As talks begin in Copenhagen at the historic United Nations climate change gathering, the international body i...


As talks begin in Copenhagen at the historic United Nations climate change gathering, the international body is determined to be optimistic about what can be achieved. Over 100 heads of state intend to be present at the conference in the Danish capital, including Canada’s Prime Minister Stephen Harper and U.S. President Barack Obama.  It will be the largest meeting on climate change to have been held.

Yvo de Boer, the executive secretary of the U.N. Framework Convention on Climate Change, said, “Never in 17 years of climate negotiations have so many different nations made so many firm pledges together. So whilst there will be more steps on the road to a safe climate future, Copenhagen is already a turning point in the international response to climate change.”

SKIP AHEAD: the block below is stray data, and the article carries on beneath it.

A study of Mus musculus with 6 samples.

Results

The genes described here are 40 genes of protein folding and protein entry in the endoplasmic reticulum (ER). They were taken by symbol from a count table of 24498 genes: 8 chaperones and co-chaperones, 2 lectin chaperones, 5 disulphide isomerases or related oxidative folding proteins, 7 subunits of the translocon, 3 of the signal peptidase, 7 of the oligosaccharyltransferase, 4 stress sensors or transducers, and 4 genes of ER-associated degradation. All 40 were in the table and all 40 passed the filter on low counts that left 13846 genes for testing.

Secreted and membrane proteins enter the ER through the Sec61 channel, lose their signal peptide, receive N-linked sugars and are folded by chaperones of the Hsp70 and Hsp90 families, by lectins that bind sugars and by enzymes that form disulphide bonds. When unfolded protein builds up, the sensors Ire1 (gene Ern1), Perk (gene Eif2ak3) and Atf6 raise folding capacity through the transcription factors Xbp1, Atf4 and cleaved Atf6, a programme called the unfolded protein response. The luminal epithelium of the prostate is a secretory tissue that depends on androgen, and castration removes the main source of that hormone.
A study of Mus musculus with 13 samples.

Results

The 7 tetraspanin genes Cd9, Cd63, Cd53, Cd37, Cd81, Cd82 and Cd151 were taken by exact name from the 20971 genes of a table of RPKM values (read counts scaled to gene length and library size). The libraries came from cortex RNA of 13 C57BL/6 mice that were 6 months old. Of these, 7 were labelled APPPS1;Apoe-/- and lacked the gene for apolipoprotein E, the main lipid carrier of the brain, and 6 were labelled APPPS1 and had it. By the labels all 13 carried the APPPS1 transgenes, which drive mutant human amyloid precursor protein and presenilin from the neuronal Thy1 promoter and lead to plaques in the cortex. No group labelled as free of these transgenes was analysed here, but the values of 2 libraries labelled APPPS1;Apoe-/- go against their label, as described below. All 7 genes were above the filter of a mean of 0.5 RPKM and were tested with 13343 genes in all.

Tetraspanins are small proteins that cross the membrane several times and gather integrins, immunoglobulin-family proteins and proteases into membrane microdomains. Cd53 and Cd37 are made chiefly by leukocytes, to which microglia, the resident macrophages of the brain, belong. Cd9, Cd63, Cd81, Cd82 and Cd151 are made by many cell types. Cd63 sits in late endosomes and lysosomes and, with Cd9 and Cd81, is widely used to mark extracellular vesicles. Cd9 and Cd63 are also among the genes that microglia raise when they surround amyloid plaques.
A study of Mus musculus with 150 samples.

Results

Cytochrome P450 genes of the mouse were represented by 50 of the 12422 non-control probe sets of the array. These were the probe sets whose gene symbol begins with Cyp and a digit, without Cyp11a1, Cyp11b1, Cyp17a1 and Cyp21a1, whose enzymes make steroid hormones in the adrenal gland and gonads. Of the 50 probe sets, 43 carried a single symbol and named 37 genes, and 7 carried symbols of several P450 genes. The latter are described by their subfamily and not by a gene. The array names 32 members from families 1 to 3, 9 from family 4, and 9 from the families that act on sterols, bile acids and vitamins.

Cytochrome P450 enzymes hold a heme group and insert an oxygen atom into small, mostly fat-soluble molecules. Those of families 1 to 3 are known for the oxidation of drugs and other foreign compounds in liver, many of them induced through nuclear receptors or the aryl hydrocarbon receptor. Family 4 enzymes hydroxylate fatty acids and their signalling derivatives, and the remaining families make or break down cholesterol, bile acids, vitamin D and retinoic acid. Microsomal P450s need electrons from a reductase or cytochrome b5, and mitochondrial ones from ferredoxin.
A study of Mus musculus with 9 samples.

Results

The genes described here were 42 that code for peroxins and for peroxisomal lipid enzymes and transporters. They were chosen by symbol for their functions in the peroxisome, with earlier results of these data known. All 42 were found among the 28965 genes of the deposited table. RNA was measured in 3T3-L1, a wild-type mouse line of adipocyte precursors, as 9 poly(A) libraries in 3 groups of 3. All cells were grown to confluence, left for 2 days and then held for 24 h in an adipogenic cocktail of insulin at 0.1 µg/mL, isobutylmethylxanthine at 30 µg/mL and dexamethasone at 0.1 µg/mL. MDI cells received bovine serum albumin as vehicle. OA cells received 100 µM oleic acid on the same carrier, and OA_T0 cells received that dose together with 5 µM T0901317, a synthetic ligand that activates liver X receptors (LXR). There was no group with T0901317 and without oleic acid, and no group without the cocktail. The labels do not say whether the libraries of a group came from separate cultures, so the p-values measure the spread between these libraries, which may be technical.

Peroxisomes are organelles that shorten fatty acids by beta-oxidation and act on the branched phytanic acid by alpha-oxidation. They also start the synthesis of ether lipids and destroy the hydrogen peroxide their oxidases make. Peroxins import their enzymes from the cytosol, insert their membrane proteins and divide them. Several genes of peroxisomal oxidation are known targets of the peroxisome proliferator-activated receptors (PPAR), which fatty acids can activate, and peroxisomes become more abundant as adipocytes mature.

It is estimated that by 2020 the industrialized nations must cut between 24 and 40 per cent of their emissions compared to 1990 levels in order to avert the worst effects of climate change.

However, a recent UN-backed study by the Grantham Research Institute on Climate Change and the Environment and the London School of Economics, suggests that the Copenhagen negotiations may be closer than we think to realizing the necessary emissions cuts. It said that annual emissions in 2020 must not exceed more than 44 billion tonnes of carbon dioxide-equivalent to ward off a temperatrure rise of more than 2 degrees. However, the gap between this target and the most ambition cuts suggested by nations in recent months is just 2 billion tonnes of carbon dioxide-equivalent.

The report says the gap could be bridged by additional reductions from deforestation, by slashing emissions from the aviation and shipping industries, as well as by having key developing countries go further to cut their emissions than they are currently proposing.